S Korea dominates in Asia leveraged loans on private equity

Seoul cityscape. Photo: Pixabay

South Korean lenders have dominated the ranks of firms participating in leveraged loans in Asia excluding Japan this year, as they provide funds for private equity firms that are on a buying binge of the country’s assets.

Eleven financial institutions from the peninsula, led by government-backed Korea Development Bank, took up all the top spots as the most active participants in the region’s leveraged facilities this year through July 2, according to data compiled by Bloomberg. Last year the firms were a mix of European, Korean and Taiwanese lenders.

“Private equity firms especially from abroad seem to be actively looking at Korean companies, especially in the biopharmaceutical and cosmetics industries, and they are seeking loans for those acquisitions,” said Bae Suk-hee, Seoul-based team head in the M&A department of Korea Development Bank.

Korean suppliers of finished products such as ships and smartphones along with vital components like displays and semiconductors are key targets for private equity funds. Steady economic growth and receding tensions with North Korea strengthen the case for investing in the country.

In Asia excluding Japan as a whole, leveraged loans came to $14 billion via 35 deals this year through July 2, nearly tripling from $5.5 billion via 18 transactions from the same period last year, according to data compiled by Bloomberg.

Cash committed to private equity funds in Korea has been increasing, coming to about 62.6 trillion won ($55 billion) at the end of 2017, from 20 trillion won at the end of 2009, according to the Financial Supervisory Service. Funds will also have plenty of cash in search of investment targets to take care of the nation’s growing senior population — the National Pension Service, the country’s biggest retirement fund, manages more than 600 trillion won.

Bae said there’s a lot of so-called dry powder, or money raised but not yet invested at private equity funds, “so I think such private equity-driven M&As will continue for a while.”

The private equity industry has thrived over the last 13 years in South Korea and now accounts for roughly a quarter of all of the country’s M&A activity, Richard Lee, a senior partner at McKinsey & Co., wrote in a report.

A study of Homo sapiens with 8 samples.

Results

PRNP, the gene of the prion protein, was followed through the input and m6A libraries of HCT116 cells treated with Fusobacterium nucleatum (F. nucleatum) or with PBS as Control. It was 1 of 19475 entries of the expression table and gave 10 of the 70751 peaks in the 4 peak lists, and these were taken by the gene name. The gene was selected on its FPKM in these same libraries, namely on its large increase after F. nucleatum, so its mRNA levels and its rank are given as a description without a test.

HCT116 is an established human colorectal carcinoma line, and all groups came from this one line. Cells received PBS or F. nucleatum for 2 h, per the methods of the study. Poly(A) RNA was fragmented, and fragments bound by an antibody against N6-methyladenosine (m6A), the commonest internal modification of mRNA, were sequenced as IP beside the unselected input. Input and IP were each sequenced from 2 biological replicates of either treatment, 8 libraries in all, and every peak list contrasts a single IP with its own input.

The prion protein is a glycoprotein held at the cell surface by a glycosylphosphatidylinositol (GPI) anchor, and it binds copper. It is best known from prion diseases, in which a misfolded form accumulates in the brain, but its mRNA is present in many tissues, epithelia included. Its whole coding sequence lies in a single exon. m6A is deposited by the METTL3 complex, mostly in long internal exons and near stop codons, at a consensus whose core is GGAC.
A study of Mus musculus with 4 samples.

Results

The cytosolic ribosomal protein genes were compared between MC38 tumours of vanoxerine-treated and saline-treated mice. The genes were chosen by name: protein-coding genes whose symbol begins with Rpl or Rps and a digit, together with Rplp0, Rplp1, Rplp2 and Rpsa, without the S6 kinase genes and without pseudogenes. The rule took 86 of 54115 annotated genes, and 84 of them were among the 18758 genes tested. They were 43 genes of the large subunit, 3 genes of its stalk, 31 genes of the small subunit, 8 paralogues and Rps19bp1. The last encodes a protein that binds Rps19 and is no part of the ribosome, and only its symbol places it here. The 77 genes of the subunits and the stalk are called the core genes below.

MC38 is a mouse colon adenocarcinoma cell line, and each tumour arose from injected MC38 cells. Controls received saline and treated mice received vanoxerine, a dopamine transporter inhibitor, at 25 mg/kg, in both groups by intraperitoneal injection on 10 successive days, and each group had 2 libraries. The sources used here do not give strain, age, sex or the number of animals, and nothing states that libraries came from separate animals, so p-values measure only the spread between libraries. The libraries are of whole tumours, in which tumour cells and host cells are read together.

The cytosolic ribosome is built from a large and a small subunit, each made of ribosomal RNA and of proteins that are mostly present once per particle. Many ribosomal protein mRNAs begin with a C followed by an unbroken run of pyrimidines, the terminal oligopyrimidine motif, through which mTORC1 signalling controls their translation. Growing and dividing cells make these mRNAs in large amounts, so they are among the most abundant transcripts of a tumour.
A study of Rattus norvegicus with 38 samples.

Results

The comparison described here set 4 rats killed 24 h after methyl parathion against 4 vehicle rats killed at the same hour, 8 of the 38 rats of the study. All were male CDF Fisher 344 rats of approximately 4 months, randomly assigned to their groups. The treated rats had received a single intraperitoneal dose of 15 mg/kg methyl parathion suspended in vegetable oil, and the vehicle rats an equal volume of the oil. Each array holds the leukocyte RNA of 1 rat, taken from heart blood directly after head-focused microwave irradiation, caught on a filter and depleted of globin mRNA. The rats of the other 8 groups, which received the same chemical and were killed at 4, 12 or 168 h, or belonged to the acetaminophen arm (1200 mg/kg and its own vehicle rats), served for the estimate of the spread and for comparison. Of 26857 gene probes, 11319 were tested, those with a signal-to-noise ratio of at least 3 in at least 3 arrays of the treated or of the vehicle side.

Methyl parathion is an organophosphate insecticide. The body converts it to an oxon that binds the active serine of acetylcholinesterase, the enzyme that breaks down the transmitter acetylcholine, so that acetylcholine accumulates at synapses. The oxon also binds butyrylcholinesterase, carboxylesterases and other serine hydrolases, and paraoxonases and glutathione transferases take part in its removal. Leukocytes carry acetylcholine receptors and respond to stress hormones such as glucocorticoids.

Read more: Leverage in Asia Buyout Loans Is Edging Back to 2007 Levels

Private equity funds have invested almost $100 billion of capital into more than 870 companies in South Korea since 2005, the year the market opened up following regulatory changes that enabled the creation of local buyout funds, according to McKinsey.

The data compiled by Bloomberg focus on deals where lenders invested money in leveraged facilities. The primary use of the proceeds in those deals was leveraged buyouts, management buyouts, recapitalization and secondary buyouts. The figures exclude work as mandated lead arrangers and bookrunners.

Bloomberg

Singapore Reporter/s

In Singapore, we are looking to double our reporting team by this year-end to comprehensively cover the fast-moving world of funded startups and VC, PE & M&A deals. We want reporters who can tell our readers what is really happening in these sectors and why it matters to markets, companies and consumers. The ability to write precisely and urgently is crucial for these roles. Ideal candidates must have to ability to work in a collaborative, dynamic, and fast-changing environment. We want our new hires to be digitally savvy and ready to experiment with new forms of storytelling. Most importantly, we are looking for hard-hitting reporters who work well in a team. Collaboration and collegiality are a must.

Following vacancies can be applied for (only in Singapore).

Following vacancies can be applied for (only in Singapore).   

  • A reporter to track companies/startups that have raised private capital, and have the potential to become unicorns. SEA currently has over 40 companies with a valuation of over $100 million and under $1 billion.
  • A reporter who can get behind the scenes and reveal how funding rounds are put together, or why they’ve failed to materialise. She/he in this role will largely focus on long-format stories. 
  • A journalist to track special situations funds, distressed debt and private credit (from the PE angle) across Asia.

Singapore Reporter/s

In Singapore, we are looking to double our reporting team by this year-end to comprehensively cover the fast-moving world of funded startups and VC, PE & M&A deals. We want reporters who can tell our readers what is really happening in these sectors and why it matters to markets, companies and consumers. The ability to write precisely and urgently is crucial for these roles. Ideal candidates must have to ability to work in a collaborative, dynamic, and fast-changing environment. We want our new hires to be digitally savvy and ready to experiment with new forms of storytelling. Most importantly, we are looking for hard-hitting reporters who work well in a team. Collaboration and collegiality are a must.

Following vacancies can be applied for (only in Singapore).

Following vacancies can be applied for (only in Singapore).   

  • A reporter to track companies/startups that have raised private capital, and have the potential to become unicorns. SEA currently has over 40 companies with a valuation of over $100 million and under $1 billion.
  • A reporter who can get behind the scenes and reveal how funding rounds are put together, or why they’ve failed to materialise. She/he in this role will largely focus on long-format stories. 
  • A journalist to track special situations funds, distressed debt and private credit (from the PE angle) across Asia.